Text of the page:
What a Rising Interest Rate Environment Means for Life Insurance Companies

The days of cheap credit are coming to an end, so investors would be wise to look for investments that will benefit from rising interest rates.


But the fact is, over the past year, interest rates have risen far more than the experts were predicting and with the Bank of Canada continuously warning that “prolonged low interest rates pose an additional economic threat,” we best ready ourselves for the storm.

There are some who welcome this change in the interest rate environment — namely, life insurance companies who have struggled with low rates for years now. With long bond yields on the rise, life insurance companies can finally begin to feel some optimism after a long and brutal stretch of low interest rates.

Why low rates are bad for life insurance companies
Life insurance assets are primarily financial in nature and are composed of primarily bonds and stocks. Liabilities mostly consist of obligations related to the policies sold to various individuals. These companies invest their revenues and cash flows and pay their obligations with the money made from these investments. Life insurance companies have high reinvestment risk, as they have high duration liabilities. So with declining interest rates, assets kept getting reinvested at lower and lower rates, which meant lower and lower profits.

In response to years of historically low interest rates, Sun Life (TSX: SLF) is executing a strategy of higher growth, higher returns on equity (ROE), and lower volatility. This means lowering equity sensitivity and lowering interest rate sensitivity.

To this end, Sun Life sold its U.S. annuities business and reduced equity exposure by 50% and interest sensitivity by 35%, according to analysts. While it has effectively limited its upside when yields recover, predictability and lower volatility makes for a more attractive risk/reward profile.

Rising yields have already been good for life insurers’ bottom line
Rising interest rates mean that cash flows will be invested at higher yields, and so the reinvestment risk turns positive. We have already seen the benefits of this environment in life insurers’ results.

In its latest quarter, Manulife Financial (TSX: MFC) reported that core earnings, which excludes the impact of financial market movements, increased 1.7%. The company posted a profit versus loss last year and took a $234 million markets-related charge. To get a sense of interest rate sensitivity, the company said in its most recent quarterly report that every increase of 1% in interest rates across bond markets adds $300 million to earnings.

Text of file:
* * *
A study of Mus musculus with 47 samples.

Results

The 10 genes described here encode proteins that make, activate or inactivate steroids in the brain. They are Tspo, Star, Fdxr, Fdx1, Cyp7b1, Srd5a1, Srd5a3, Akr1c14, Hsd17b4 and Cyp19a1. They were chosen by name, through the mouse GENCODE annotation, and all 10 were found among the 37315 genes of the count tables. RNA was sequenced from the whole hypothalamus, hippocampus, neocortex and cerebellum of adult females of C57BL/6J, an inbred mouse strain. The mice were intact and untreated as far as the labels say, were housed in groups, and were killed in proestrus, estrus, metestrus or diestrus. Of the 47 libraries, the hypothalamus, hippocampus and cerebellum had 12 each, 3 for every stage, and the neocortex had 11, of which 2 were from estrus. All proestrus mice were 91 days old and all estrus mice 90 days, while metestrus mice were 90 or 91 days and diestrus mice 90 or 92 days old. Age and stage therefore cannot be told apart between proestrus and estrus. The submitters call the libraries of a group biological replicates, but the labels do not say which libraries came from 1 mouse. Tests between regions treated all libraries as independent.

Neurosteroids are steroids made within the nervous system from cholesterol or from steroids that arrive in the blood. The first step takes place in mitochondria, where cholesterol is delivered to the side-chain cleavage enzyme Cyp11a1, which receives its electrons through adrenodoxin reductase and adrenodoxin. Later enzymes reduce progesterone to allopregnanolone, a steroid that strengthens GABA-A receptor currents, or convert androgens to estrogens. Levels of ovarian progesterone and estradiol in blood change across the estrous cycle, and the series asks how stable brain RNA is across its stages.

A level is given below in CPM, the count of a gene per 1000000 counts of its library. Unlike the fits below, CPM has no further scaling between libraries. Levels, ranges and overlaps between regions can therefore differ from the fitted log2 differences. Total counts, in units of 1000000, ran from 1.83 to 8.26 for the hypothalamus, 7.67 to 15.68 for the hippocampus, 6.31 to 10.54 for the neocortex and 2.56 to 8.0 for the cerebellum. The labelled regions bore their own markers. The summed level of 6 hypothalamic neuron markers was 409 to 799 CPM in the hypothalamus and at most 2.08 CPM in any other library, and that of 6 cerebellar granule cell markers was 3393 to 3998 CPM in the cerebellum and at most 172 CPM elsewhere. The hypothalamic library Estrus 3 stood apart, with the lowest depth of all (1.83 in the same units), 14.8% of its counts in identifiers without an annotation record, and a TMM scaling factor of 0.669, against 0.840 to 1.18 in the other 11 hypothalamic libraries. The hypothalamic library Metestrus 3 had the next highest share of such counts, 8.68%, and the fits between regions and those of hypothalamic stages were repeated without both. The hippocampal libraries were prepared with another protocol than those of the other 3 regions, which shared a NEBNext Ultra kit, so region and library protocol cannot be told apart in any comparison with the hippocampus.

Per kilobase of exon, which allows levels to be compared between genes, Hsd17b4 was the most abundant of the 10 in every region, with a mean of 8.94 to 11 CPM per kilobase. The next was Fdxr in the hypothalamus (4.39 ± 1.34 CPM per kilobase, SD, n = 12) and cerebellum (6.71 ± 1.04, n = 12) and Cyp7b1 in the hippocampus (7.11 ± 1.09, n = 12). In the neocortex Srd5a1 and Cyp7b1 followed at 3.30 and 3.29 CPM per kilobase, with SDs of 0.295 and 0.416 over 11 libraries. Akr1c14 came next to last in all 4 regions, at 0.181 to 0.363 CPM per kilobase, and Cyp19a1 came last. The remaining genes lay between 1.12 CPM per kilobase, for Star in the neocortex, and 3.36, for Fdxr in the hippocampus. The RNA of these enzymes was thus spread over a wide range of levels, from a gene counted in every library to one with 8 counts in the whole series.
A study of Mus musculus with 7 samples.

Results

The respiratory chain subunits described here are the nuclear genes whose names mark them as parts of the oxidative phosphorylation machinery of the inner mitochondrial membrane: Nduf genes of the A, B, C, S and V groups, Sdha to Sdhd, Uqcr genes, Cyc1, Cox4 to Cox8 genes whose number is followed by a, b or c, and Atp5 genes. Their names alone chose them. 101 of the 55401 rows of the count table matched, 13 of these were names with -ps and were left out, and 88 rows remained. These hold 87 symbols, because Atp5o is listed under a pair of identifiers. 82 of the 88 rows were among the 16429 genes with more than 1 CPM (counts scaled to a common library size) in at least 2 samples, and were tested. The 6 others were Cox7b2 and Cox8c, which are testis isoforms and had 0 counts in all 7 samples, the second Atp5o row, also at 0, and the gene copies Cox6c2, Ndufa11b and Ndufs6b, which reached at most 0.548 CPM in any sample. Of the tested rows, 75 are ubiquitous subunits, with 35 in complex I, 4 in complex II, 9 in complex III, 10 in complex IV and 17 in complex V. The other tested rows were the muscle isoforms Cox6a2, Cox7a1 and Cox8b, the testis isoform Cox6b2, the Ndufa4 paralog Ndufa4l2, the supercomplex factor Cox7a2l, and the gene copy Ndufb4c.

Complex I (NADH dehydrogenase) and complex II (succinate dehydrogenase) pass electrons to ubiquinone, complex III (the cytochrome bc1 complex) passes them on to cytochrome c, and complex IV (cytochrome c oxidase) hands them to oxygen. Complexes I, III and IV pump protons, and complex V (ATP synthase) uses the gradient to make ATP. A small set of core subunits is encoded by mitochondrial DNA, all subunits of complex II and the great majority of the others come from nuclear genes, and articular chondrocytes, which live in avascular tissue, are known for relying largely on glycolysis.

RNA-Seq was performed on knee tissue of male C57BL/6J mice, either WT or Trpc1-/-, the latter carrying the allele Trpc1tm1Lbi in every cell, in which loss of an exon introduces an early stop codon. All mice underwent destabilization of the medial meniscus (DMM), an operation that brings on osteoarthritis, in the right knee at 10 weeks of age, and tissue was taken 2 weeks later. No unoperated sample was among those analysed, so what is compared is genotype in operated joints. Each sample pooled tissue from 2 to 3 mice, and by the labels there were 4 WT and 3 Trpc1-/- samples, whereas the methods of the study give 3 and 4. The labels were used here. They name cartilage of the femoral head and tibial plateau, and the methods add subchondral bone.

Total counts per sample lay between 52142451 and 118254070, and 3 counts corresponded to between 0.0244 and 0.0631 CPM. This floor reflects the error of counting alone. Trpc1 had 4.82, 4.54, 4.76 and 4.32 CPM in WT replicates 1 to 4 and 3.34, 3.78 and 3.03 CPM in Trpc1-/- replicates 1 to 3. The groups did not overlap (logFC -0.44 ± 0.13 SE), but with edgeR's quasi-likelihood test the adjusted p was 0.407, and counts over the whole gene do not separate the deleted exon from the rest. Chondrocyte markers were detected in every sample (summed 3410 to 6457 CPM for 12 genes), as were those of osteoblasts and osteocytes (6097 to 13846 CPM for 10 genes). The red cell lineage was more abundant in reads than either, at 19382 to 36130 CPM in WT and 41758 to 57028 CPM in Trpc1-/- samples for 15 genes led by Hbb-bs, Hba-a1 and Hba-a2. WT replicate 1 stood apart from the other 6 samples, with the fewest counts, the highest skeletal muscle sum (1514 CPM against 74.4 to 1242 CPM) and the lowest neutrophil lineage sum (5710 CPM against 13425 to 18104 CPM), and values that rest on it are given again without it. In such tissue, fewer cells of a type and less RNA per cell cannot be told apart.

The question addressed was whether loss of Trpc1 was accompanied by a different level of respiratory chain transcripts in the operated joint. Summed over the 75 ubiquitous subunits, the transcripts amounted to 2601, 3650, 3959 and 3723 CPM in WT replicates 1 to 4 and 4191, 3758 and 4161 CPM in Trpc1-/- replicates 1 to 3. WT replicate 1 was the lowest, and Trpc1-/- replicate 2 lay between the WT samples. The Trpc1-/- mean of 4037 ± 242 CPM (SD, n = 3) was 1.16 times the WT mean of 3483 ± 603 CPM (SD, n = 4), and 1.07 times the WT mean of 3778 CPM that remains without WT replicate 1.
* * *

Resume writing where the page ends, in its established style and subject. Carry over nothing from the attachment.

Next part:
Over at Sun Life, core profit in the latest quarter increased 72% versus last year and the company now has $2.8 billion of cash, which it most likely will use to further strengthen the balance sheet by reducing debt.

Great West Life (TSX: GWO) reported earnings per share of $0.54, a 7% increase versus last year. And Great West has an ROE of 15.2%, higher than both Sun Life and Manulife.

Interest rate sensitivity
In an interesting study, DesJardins Securities tested the correlation of stock prices to interest rate changes. It found that all else being equal, for every 10-basis-point move in the 10-year bond yield, Manulife stock would move by 3.9%, Sun Life by 2.8%, and Great West by 1.5%.

The bottom line
Nobody wants to believe that the days of cheap credit are coming to an end because, frankly, we have all enjoyed the benefits. However, with the risk staring us in the face, it is wise to look for investments that will benefit from such an environment — such as life insurance companies.


This article represents the opinion of the writer, who may disagree with the “official” recommendation position of a Motley Fool premium service or advisor. We’re Motley! Questioning an investing thesis — even one of our own — helps us all think critically about investing and make decisions that help us become smarter, happier, and richer, so we sometimes publish articles that may not be in line with recommendations, rankings or other content.